When was it that you set up Ivy House?

“Kim [Geoff’s wife and the farm’s co-founder] and I came to the farm back in 1982. It had always been Ivy House Farm, we didn’t call it that, but it would’ve been four or five smaller farms merged to form one big one sometime in the 1970s. That’s what happened with a lot of them, because the smaller ones struggled to survive. We set up the creamery and turned Ivy House Farm organic in 1999 though.”

And why did you decide to turn to dairy farming?

I guess we came to it because I come from a family of farmers – I’m fourth generation, but the first on Ivy House. I grew up on a pig and arable farm near Bradford-on-Avon, which turned out to be no help at all seeing as I went down the dairy route. It wasn’t so much our decision to do dairy farming, but the farm’s. It’s well-suited to it – the grass grows well here and there were all the existing buildings in place, like the milking parlour and the cow feed areas. It was the natural course for us to take. The reason for us turning to the creamery side of things though, was because we needed to diversify and thought we had a niche if we could produce the cream using our own milk, rather than buying it in like many do.”

Has Ivy House always been a pure dairy farm?

“Yes it has. A by-pass was put in a few years back and it went right through our farm, cutting it into four and meaning we lost scale. We still kept to dairy, but we turned organic and to Jersey cows, and started bottling our own milk.”

And was that an easy transition?

“Yes and no. The move to a Jersey herd means we get far less milk than we used to as they produce a higher quality, creamier milk but a lower yield. But that’s fine by us. Quality is always the goal and we’d never put that on the line for quantity’s sake.

“It’s had a knock-on effect with how intensely we farm too. Back when we had far more land, cows and milk volume, we had huge suppliers, but they had the power to call us up and say, we’re paying 5p less per litre of milk, and there’d be nothing we could do. By processing ourselves though, we no longer work with huge names and can have close, direct relationships with local businesses. We’ve given ourselves control and stronger, co-dependent relationships. It’s a much nicer way of working.”

Tell us about the herd. Was quality the main reason for choosing Jersey cattle?

 “Absolutely. It’s the only reason really, because their milk is second to none. We have 120 Jerseys on the farm at the moment and they’re all organic, pedigree Jerseys at that. We chose them because they really do produce the best milk. It’s high in fat, really mellow in taste, yellow in colour, and very creamy stuff. It’s the crème de la crème of the milks, if you’ll excuse the pun!”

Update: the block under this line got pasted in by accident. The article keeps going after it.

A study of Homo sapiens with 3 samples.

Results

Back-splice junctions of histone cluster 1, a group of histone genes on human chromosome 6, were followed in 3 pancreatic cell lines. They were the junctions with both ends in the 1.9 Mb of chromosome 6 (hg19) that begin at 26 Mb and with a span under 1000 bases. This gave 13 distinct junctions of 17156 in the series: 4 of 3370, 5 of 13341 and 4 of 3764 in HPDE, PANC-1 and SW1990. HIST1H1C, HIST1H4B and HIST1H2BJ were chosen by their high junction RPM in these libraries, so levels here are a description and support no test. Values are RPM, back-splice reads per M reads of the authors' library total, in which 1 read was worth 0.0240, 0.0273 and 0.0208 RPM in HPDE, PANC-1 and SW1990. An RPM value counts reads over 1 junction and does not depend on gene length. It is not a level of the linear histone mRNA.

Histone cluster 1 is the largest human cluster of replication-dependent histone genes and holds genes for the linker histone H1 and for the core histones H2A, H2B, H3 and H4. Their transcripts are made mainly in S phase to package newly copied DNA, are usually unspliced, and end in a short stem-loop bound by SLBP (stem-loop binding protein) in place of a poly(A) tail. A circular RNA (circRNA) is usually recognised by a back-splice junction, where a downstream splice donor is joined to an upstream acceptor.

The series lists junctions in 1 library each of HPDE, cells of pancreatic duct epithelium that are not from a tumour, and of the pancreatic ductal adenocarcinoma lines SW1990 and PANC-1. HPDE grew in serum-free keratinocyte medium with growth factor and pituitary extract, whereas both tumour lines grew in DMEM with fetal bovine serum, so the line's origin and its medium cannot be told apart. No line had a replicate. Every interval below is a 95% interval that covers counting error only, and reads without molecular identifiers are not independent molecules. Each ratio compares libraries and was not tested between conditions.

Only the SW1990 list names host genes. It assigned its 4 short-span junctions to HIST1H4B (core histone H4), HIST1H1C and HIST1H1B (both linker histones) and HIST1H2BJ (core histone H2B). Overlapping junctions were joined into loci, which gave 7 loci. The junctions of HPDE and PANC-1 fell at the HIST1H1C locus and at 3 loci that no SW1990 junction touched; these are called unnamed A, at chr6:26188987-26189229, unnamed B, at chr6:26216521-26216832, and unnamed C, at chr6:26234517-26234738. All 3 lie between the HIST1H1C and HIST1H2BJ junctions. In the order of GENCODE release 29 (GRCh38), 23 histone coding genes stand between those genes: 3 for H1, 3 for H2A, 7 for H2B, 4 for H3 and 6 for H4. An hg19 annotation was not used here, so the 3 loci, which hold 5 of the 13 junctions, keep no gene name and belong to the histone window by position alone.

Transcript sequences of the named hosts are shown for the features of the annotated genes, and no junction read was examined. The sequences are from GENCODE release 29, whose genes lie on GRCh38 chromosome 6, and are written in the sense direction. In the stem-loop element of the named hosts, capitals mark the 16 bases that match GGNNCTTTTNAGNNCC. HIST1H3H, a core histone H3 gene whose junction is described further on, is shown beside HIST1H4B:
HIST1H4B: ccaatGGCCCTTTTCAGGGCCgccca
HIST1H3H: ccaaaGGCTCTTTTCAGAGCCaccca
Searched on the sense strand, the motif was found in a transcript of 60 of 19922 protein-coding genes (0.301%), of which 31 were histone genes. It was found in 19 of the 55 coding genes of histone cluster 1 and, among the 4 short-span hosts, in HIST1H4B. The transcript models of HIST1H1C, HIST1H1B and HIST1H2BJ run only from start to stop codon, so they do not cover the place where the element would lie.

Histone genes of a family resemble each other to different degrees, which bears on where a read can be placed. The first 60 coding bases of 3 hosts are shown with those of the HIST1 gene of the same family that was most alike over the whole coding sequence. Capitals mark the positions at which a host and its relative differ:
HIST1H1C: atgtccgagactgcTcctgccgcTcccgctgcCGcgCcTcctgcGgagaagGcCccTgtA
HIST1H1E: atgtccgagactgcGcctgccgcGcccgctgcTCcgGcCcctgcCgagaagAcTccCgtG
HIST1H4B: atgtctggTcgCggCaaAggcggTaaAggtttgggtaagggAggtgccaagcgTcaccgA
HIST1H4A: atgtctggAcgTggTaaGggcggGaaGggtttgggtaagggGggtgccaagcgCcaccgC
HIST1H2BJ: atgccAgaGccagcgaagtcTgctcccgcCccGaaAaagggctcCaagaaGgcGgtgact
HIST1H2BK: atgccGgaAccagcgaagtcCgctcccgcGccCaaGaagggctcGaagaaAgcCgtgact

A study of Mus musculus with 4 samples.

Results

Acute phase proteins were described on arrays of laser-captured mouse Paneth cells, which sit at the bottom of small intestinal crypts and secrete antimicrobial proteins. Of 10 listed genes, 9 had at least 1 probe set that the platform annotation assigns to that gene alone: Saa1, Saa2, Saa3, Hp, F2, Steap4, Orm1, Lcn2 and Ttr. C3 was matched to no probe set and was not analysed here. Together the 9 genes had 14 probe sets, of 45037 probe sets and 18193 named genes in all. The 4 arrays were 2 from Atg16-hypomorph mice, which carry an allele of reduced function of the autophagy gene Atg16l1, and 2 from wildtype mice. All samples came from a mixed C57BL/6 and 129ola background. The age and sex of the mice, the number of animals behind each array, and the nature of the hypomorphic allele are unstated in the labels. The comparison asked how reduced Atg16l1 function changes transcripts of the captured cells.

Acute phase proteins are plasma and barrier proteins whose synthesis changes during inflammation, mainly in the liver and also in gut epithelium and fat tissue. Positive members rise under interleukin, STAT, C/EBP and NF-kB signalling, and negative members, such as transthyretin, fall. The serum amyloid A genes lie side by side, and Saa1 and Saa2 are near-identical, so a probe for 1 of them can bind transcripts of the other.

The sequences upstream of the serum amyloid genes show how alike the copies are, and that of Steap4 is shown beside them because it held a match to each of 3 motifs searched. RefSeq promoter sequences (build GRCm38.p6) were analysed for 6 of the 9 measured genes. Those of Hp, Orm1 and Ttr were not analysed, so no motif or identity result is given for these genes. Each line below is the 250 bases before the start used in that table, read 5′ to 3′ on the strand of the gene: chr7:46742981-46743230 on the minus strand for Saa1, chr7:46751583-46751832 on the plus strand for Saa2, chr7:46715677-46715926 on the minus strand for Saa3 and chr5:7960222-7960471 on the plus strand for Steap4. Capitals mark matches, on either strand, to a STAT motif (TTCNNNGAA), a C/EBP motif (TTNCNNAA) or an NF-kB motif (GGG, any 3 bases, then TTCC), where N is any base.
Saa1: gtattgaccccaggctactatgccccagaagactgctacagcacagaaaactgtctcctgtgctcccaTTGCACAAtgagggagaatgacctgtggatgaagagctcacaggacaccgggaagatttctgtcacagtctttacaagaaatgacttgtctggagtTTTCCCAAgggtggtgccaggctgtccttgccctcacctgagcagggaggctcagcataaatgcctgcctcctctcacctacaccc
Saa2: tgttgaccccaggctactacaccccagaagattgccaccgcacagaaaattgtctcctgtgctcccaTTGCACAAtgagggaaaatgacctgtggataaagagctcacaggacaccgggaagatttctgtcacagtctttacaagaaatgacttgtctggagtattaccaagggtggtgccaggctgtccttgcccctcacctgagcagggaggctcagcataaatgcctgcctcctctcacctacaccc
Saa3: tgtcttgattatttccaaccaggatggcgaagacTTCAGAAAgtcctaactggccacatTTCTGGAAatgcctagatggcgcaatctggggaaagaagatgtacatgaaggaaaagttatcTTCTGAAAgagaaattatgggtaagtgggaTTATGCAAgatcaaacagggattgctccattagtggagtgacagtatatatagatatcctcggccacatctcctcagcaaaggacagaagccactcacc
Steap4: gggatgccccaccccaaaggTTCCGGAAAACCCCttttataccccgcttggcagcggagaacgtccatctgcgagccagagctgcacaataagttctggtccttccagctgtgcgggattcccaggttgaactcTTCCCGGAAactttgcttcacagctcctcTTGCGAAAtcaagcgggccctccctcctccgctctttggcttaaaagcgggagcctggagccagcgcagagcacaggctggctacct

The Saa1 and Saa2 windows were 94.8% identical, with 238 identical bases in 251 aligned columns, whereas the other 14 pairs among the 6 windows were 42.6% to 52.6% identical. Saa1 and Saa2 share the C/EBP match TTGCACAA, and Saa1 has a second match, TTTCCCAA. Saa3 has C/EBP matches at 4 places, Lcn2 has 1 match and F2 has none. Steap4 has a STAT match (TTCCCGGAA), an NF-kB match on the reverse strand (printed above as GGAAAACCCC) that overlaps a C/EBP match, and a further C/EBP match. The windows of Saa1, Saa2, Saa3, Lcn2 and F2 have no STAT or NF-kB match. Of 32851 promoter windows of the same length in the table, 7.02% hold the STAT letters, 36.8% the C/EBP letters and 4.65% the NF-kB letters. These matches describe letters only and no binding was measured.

Do you find you end up having a close bond with your cows?

 “It’s hard not to because they’re such pleasant and placid creatures to be around. I go into a field and they’ll all come running over to me to have a good sniff. They’re nosy things. I think they’re half-cow, half-goat in origin and you can see that in them. They’ve got that grab-something-off-the-washing-line look to them. We believe in being very respectful of our herd. They’re beautiful animals that deserve to be cared for with patience and kindness. I really think that comes through in the quality of the milk too.”

Does that mean you have a favourite?

“I can’t deny that I do. She’s called Holly, or number 18 as the computer calls her. When I first came here in ’82 with just a few Friesians, they all had names. Even when we got to 60 cows, it was all on names and not numbers. But then when things got bigger and the computers got going, you needed numbers or my spreadsheets went haywire. We don’t ever just call them number 10 or number 27 though. It’s always, dear old number 27. Some still have names though, like our Holly. She’s mine and my son’s favourite – on our website, he’s the big bloke giving her a big hug. She’s been a sweetheart since she was a calf and loves putting her head on your shoulder so you can scratch it.”

At what age do you start milking?

“The calves are all born here on the farm and then they spend a year or two in the fields with all of their mates. They’ll have their first calf at about two years old – that’s when the vets say is best for them, no sooner than that – and that’s when we can start milking.”

What’s a typical day like at the farm?

“Every day, all of the cows come in at 5am to be milked. We get orders in by 9am and have everything processed ready by the end of the afternoon. Then we bottle it all up, ready to go out fresh as a daisy the next morning to local cafes and restaurants.”

And finally, who are the other faces at the farm?

“There’s only the six of us full-time. Two making milk, two making cream, one batching and one in the office. We’ve got a few lads that drive too, my son runs the farm, and Kim looks after our accounts. I’m not sure what I do really. I just wander around taking it all in.”